Cold feet fixes


Michigan, like the rest of the Midwest, has been trapped in the polar vortex for weeks. When it hasn’t been below zero it’s been snowing like crazy. We’re bracing for something like 8 inches of snow tonight. So, it’s been a good winter for warming up cold feet. But you can only stay by the fireside for so long and then you have to venture under the chilly bedsheets. These are a modification of Jo Sharp’s “Bed Socks” from the Vogue Knitting On the Go series.

The pattern calls for a DK weight, but I wanted something beefier. These are knit from Plymouth Yarns Encore, a workhorse, easy-care, 75% acrylic/25% wool mix. I decided that laces would be superfluous and just knit them a tad long. They stay put nicely. The plan wasn’t to have them be mismatched, but this pair was a real yarn-eater and I was running out of the green. These are knit flat and seamed. Being seriously crochet-impaired, I seamed by picking up the stitches on both sides and then doing a 3-needle bind off. I thought the resulting raised ridge would resemble a crocheted chain. Resemble is the key word there. Not an elegant solution, as the seamed side shows. But great for keeping feet nice and cozy.

bedsocksThis next lovely is Ann Budd’s “First Time Tube Socks,” a pattern from Interweave Knits Holiday 2009 magazine. I should apologize to Ann and her fine pattern for my choice of yarn. But every yarn, on sale or not, deserves being knit up into into something or other. This is my “on sale” Berrocco Comfort something or other. These tube socks are very comfortable in bed. Unlike the printed sheets, they are also very ugly.


Worked up in a nice calm brown, these would have been comforting to the eyes as well as to the feet. Let’s just say no more and change the subject.

Yuko Nakamura’s “Non-Felted Slippers” have been in my queue for more than two years. I hesitated to knit them because I was unsure if slippers knit on two needles in a bulky weight yarn would work out well. Plenty of Ravelers have modified the pattern to work in the round, but I decided not to monkey with it. I just trusted the thousands who have knit this free pattern “as is.” The pattern doesn’t disappoint.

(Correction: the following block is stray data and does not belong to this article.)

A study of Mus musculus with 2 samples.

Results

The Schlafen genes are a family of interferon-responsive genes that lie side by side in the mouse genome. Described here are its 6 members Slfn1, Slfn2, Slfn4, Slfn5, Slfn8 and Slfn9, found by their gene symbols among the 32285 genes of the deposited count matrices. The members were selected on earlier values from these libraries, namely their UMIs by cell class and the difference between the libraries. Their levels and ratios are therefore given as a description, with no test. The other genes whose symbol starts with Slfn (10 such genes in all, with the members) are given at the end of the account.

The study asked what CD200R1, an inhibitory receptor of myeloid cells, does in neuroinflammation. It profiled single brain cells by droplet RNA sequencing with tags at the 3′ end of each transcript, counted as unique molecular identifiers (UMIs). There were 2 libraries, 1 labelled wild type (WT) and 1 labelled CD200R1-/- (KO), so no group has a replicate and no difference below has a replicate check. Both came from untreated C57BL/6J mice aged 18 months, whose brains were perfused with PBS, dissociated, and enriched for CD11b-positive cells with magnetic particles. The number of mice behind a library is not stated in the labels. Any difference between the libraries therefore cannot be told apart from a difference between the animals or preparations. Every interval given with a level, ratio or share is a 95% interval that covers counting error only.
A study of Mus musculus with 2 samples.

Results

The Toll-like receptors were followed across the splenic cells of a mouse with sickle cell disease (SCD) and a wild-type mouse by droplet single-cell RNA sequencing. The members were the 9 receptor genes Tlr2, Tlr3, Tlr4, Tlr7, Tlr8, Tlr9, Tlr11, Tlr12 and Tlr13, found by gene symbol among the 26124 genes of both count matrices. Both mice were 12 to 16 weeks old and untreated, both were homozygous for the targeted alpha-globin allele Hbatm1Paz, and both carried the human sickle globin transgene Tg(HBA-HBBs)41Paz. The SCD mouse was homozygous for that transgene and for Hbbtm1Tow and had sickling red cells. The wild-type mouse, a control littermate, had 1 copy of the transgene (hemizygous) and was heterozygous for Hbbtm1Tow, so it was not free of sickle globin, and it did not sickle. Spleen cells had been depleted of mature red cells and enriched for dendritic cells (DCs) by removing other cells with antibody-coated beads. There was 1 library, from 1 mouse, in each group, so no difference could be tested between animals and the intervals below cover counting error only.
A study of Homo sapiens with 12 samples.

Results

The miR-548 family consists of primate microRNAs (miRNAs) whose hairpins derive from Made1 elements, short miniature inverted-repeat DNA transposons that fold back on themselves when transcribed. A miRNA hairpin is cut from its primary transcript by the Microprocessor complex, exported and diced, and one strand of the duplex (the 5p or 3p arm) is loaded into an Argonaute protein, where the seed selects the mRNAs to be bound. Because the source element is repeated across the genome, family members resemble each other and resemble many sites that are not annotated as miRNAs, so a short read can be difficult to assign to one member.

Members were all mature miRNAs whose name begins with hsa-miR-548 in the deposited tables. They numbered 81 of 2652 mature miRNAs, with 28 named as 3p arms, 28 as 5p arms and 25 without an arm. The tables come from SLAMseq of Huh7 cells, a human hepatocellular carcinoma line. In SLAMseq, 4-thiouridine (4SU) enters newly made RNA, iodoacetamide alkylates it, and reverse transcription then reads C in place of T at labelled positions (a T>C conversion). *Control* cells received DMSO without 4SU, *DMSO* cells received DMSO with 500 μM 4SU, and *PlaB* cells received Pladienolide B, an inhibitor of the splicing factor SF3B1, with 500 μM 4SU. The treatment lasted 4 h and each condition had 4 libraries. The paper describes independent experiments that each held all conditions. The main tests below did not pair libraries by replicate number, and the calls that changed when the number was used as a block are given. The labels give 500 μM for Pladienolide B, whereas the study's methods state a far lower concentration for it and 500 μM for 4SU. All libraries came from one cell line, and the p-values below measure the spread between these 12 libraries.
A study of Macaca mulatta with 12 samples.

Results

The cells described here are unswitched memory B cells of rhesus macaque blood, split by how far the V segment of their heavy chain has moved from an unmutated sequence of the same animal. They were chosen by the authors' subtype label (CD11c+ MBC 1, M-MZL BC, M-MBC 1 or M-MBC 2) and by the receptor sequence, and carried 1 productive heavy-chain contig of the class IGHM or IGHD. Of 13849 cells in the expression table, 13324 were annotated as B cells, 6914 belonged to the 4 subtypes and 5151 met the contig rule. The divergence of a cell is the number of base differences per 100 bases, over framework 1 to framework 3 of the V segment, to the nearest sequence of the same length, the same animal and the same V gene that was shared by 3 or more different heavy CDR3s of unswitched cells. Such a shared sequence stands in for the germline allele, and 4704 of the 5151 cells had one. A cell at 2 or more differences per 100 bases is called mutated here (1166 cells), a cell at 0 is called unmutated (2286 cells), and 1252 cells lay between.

I honored the length of time the pattern spent in my queue by knitting it up in some of the oldest yarn in my stash, Aberdare Yarn’s 100% two-ply bulky mohair. I purchased it about 20 years ago, intending it for doll hair that never got knit. The yarn was spun in Kenya.


Lovely fuzzy yarn, but difficult to find a proper project for it. I think these slipper socks put this special yarn to good use.

I decided to try the pattern again, in a worsted weight, with an added cuff. When friends, even kids, come over and take their wintry boots off at the door, I’d like to have an assortment of slippers for them to wear if they want to. These were knit in a beefy worsted weight yarn, Blackberry Ridge Color Flow, from one of the browner sections of the Autumn colorway. For the cuff, I just continued to knit instead of bind off, decreasing one stitch, and working a knit 2, purl 2 ribbing for 25 rows.


Encouraged by the results, and pleased to be using up so many oddments, I worked up one more pair. This time I used a partial skein of Old SageĀ Brown Sheep Bulky for the soles and leftover Berroco Vintage Chunky in Breezeway for the cuffs.

Blue_slippersI’m looking forward to tackling next winter’s cold with a basket of comfy slipper socks kept by the door.